What we know: The latest on mounting pressure that could prompt Washington Redskins to change team name

Top sponsors have taken a public stance. Minority owners are trying to jump ship, according to multiple reports. And as a new week begins, the Washington Redskins continue to face simmering — and steadily building — pressure to change their team name, which critics have long decried as a racial slur.

The organization is still in the midst of what it called a "thorough review" of the name. But here's the latest on the history of the "Redskins" moniker, the series of events that led to the team's review, when a decision might be reached and some of the potential names that have been floated by fans and oddsmakers.

What's the history of "Redskins"?

Washington's NFL team was actually founded in Boston in 1932 and originally named the Boston Braves. One year later, the Braves became Redskins. And in 1937, owner George Preston Marshall moved them to D.C., where they became the Washington Redskins.

The term "Redskins," meanwhile, has roots dating back to the 1700s. Hunters collected bounties on Native Americans by presenting a victim's scalp or "red-skin." Yet for most of its existence, the word wasn't widely considered derogatory. That's changed recently, of course, with leading dictionaries labeling the term as "dated and offensive," and federal judges ruling that it is an offensive term.

Washington owner Daniel Snyder, meanwhile, has long defended the name as a matter of NFL tradition, while pointing to polls in which a portion of Native Americans say they are not offended by the name. In 2013, he told USA TODAY Sports the franchise would "NEVER" change it.

Why is this debate happening now?

In short: The debate over "Redskins" as a nickname for sports teams has been ongoing for decades. This is just the latest, and arguably largest, swell in public pressure.

At the high school and college level, dozens of teams have moved away from the moniker — and others like it with Native American imagery and references. The NFL team has long been the target of criticism, too. In the early 1990s, a group of Native American leaders even went to court with hopes of invalidating the NFL team's trademarks for "Redskins," on grounds that the term is disparaging. A different group revived those efforts just a few years ago, though they ultimately fizzled.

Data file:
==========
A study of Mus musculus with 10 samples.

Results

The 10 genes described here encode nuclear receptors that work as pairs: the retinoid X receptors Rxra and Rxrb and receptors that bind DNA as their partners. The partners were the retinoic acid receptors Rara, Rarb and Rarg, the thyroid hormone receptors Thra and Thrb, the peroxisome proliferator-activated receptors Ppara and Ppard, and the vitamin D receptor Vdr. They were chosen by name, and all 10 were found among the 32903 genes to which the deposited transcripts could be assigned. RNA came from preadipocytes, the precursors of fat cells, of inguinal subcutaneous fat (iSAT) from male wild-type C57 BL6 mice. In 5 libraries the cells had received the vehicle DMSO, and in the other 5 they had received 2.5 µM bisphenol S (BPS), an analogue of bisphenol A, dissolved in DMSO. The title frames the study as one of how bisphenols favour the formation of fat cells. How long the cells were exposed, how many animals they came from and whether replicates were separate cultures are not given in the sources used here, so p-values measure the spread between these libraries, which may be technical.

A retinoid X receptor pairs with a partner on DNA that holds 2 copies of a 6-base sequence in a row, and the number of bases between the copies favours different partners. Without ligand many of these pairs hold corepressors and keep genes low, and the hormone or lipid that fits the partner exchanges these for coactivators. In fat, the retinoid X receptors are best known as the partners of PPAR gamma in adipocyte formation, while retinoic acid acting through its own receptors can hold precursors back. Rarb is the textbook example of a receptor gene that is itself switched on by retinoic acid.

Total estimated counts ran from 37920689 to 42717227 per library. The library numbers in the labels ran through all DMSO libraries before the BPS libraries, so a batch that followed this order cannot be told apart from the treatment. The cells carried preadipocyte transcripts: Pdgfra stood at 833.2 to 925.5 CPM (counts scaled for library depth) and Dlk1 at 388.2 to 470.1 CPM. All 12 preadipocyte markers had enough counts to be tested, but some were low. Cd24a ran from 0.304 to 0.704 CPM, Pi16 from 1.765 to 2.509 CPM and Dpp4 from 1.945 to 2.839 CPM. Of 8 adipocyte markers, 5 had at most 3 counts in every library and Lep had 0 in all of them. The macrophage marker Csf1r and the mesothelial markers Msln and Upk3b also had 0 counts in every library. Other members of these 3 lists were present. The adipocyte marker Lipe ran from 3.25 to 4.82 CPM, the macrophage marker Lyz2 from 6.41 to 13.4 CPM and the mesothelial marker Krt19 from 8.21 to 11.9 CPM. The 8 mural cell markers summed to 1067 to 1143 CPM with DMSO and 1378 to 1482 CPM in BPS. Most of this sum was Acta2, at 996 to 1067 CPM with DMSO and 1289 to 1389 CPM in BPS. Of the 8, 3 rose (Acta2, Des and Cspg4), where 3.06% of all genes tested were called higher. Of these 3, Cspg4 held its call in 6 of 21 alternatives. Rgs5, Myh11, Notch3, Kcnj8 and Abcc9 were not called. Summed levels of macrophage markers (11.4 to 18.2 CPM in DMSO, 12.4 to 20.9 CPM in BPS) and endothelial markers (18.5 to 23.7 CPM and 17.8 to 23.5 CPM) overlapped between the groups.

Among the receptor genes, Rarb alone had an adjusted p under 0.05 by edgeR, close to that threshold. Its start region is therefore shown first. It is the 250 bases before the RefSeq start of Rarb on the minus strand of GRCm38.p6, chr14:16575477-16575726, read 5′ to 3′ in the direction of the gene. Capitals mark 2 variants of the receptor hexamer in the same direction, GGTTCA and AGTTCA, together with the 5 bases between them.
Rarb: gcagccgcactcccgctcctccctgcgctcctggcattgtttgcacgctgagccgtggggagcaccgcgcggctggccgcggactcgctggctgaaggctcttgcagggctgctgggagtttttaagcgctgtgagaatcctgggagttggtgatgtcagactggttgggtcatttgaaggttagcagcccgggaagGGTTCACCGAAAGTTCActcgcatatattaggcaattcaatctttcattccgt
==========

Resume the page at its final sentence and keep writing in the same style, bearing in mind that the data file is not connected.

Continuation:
The death of George Floyd in May brought issues of systemic racism to the forefront across the country, the NFL included. And that's what triggered the latest examination of Washington's team name — as well as others, like MLB's Cleveland Indians.

What are key stakeholders saying?

A few of Washington's top sponsors have been quite vocal on the issue. FedEx publicly requested Thursday that the team change its name. Nike and PepsiCo then put out statements Friday supporting Washington's decision to review the matter and move toward a change. Nike also removed all of the team's merchandise from its online store, and The Athletic reported it would not sell the franchise's items until the organization changed its name.

NFL commissioner Roger Goodell also chimed in Friday by calling the review an "important step." And more recently, three of the team's minority owners — who own about 40% of the franchise — have launched a bid to sell their shares, according to The Washington Post.

Reaction from within the team has been more muted. New coach Ron Rivera told the Post over the weekend that he believes the name should be changed, and quarterback Dwayne Haskins expressed support for "Redtails" as a possible replacement nickname if a change is ultimately made. 

When could a decision be reached?

Two people familiar with Snyder's thinking, speaking on the condition of anonymity because no official decision had been reached, told USA TODAY Sports that "it's over," and the owner has little choice but to find a new name. The question then becomes when, and how, it will go down.

Will Washington announce that it is dropping "Redskins" first, then announce its new team name at a later date? Or will it make both announcements simultaneously?

The team could try to announce either or both by July 25 — the scheduled start of training camp — in an attempt to keep the name from becoming a "distraction" for players and coaches. In the aforementioned Washington Post story, Rivera said it would be "awesome" if Washington moved to change its team name before the start of the 2020 season in September.

Ultimately, though, the timeline of the decision-making process remains unclear. 

What are the potential new names?

The betting favorite, according to online sports book Bovada LV, is "Warriors" followed by "Presidents," "Red Tails or Red Clouds" and "Americans," in that order. We ranked the best and worst options over the weekend.

Rivera told the Post that he and other team officials had identified a few names they liked, but declined to reveal them. 

Contact Tom Schad at [email protected] or on Twitter @Tom_Schad.